With its moody Tim Burton style opening credits, the k-drama ‘It’s Okay Not To Be Okay,’ starring Kim Soo-hyun, quickly establishes itself as a dark fairy tale.
With its moody Tim Burton style opening credits, the k-drama It’s Okay Not To Be Okay quickly establishes itself as a dark fairy tale.
Shadowy themes of nightmares and betrayal permeate the children’s books written by one of the main characters, author Ko Moon-young, played by actress Seo Ye-ji.
Moon-young has embraced the darker side of her nature and does not pretend otherwise. She has no qualms about frightening wide-eyed children, sampling the blood dripping from her rare steak or being horribly rude to everyone she encounters. She wears her darkness like a protective cloak, possibly because she grew up believing she was a monster and that everyone would find her repulsive.
Something about her chilling books has a special appeal for Moon Sang-tae, played by Oh Jung-se. The character has autism spectrum disorder, which makes it difficult for him to process certain kinds of information. He doesn’t readily recognize human emotions and easily gets rattled, so he can’t really manage situations that require social interaction. Instead he spends hours drawing in Moon-young’s published books.
His brother, Moon Kang-tae, played by Kim Soo-hyun, patiently cares for him, which often means calming his outbursts. Kang-tae is compassionate and unusually composed, which makes him well-equipped to deal with his sometimes over-emotional brother, and also with the patients in the psychiatric ward where he works. His calm manner is very effective and yet, for some mysterious reason, he never works at any hospital for very long.
Kang-tae and Moon-young meet, as is their destiny, when she arrives at the hospital where he works. The connection between them is instant, electric, and disturbing. While she’s there for a reading in the children’s ward, she is attacked by an escaped mental patient. When Kang-tae prevents her from retaliating by stabbing her attacker, she tells him that some people deserve to die, adding that there are people who kill such vermin during the night, so everyone else can sleep.
When that recaptured patient is found murdered, Kang-tae must wonder if Moon-young is really monster enough to cold-bloodedly kill. As monstrous as she might be, he is drawn to her.
In the Jessie J song, also named It’s Okay Not To Be Okay, she sings that “seeing is deceiving, dreaming is believing, it’s okay not to be okay.”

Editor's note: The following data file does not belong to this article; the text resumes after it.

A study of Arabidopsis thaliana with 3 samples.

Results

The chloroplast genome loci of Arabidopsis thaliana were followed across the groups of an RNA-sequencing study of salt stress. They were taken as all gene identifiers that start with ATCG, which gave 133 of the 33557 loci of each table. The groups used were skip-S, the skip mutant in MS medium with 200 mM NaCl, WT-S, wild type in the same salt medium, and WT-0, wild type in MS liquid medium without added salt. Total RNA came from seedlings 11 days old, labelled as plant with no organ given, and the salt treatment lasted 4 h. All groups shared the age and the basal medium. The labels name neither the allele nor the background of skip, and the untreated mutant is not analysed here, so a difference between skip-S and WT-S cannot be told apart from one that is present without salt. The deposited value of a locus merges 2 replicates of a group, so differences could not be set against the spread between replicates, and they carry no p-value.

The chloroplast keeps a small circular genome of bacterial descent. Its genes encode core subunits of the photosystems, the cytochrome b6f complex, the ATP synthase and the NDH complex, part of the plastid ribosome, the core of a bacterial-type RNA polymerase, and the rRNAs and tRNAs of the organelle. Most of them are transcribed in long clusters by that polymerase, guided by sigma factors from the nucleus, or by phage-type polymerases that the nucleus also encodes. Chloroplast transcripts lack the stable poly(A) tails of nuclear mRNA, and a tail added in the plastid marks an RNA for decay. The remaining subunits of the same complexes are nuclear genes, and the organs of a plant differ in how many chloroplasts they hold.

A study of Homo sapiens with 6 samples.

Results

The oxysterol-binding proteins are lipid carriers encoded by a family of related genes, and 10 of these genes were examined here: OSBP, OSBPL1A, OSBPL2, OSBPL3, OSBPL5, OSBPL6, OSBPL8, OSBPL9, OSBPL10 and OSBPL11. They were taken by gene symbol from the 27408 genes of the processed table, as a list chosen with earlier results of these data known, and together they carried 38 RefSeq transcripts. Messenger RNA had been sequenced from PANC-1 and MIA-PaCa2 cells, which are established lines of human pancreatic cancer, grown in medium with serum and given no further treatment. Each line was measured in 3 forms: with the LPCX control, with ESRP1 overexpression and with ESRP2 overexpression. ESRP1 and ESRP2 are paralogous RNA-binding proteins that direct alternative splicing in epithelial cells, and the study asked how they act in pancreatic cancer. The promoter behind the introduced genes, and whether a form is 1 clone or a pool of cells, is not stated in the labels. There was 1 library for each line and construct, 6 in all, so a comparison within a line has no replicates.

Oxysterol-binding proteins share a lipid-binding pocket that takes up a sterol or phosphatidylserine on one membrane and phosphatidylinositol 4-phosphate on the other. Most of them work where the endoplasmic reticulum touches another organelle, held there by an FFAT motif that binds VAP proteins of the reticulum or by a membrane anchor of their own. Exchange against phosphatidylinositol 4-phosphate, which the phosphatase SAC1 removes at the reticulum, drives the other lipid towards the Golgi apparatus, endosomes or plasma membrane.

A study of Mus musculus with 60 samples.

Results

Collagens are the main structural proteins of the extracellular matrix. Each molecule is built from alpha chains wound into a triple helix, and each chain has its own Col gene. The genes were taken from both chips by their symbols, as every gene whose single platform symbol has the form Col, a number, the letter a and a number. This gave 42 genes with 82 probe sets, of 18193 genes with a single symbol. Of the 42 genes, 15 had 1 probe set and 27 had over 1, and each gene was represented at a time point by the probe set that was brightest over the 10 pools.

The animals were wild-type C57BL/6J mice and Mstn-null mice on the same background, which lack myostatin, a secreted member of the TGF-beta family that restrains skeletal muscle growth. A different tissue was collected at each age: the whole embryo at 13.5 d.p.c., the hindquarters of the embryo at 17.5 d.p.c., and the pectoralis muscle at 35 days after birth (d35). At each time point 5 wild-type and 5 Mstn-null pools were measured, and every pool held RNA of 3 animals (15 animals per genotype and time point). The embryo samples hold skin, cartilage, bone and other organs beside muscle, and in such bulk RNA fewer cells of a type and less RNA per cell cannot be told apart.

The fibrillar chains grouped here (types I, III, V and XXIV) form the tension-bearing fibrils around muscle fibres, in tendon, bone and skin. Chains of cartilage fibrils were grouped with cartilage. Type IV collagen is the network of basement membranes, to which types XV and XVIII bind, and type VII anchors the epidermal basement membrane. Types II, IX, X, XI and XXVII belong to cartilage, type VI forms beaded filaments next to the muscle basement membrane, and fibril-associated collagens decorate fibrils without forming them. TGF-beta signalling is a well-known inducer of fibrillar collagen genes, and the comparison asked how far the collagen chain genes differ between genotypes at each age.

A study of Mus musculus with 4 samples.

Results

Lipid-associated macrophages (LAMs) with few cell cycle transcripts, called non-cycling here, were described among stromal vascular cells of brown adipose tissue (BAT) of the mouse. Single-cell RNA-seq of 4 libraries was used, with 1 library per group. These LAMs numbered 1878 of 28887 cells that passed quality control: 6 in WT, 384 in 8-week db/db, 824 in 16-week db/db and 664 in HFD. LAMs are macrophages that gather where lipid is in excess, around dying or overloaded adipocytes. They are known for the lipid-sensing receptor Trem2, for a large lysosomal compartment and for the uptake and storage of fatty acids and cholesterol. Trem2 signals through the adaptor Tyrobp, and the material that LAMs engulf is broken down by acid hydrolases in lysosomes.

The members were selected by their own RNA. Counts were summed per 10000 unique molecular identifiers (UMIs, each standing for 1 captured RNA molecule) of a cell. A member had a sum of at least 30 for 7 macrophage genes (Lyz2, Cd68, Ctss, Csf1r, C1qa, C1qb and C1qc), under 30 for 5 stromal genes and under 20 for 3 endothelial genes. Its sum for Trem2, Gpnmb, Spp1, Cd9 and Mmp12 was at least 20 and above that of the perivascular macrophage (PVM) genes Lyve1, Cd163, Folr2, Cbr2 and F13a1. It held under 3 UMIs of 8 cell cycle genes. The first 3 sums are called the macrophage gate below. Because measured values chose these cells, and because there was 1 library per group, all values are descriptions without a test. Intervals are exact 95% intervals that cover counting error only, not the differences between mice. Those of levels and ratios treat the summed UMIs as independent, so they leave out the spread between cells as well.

Perhaps inspired by those lyrics, the drama of the same name artfully blurs distinctions between the real and the unreal, sanity and madness, dreams and nightmares, leaving the characters unsure what to believe. Each of the drama’s leading characters lives with his or her own nightmare and must embrace the murkiness of the past before they can move on.
The mysterious Kang-tae is a well-chosen comeback role for Kim. Except for two cameo performances in recent hit dramas Hotel del Luna and Crash Landing On You, It’s Okay Not To Be Okay offers his first acting role after two years of serving the mandatory military duty required of all able-bodied Korean men.
Rising star Seo was last seen in the drama Lawless Lawyer and the film By Quantum Physics: A Nighttime Venture.
Besides being very funny in the comic film Extreme Job, Oh appeared in the drama Hot Stove League which won best drama in the 2020 Baeksang Awards and he also won a best supporting actor award at the same ceremony for his role in the drama When The Camellia Blooms.
Besides top notch performances by these three actors, there’s also back-up from some great supporting actors, Park Gyu-young plays a nurse, who once knew Moon-Young; comedienne Park Jin-joo plays Yoo Sung-jae, an art director turned minion; and Kang Ki-doong plays Kang-tae’s friend, Jo Jae-soo.
It’s Okay Not To Be Okay is the latest k-drama to focus on mental health issues, following such dramas as Good Doctor, It’s Okay That’s Love, Kill Me Heal Me, Sky Castle and Chocolate. Director Park Shin-woo previously directed another drama that explored a mental health issue, Hyde, Jekyll and Me, as well as the romance, Encounter, and the thriller, Phantom.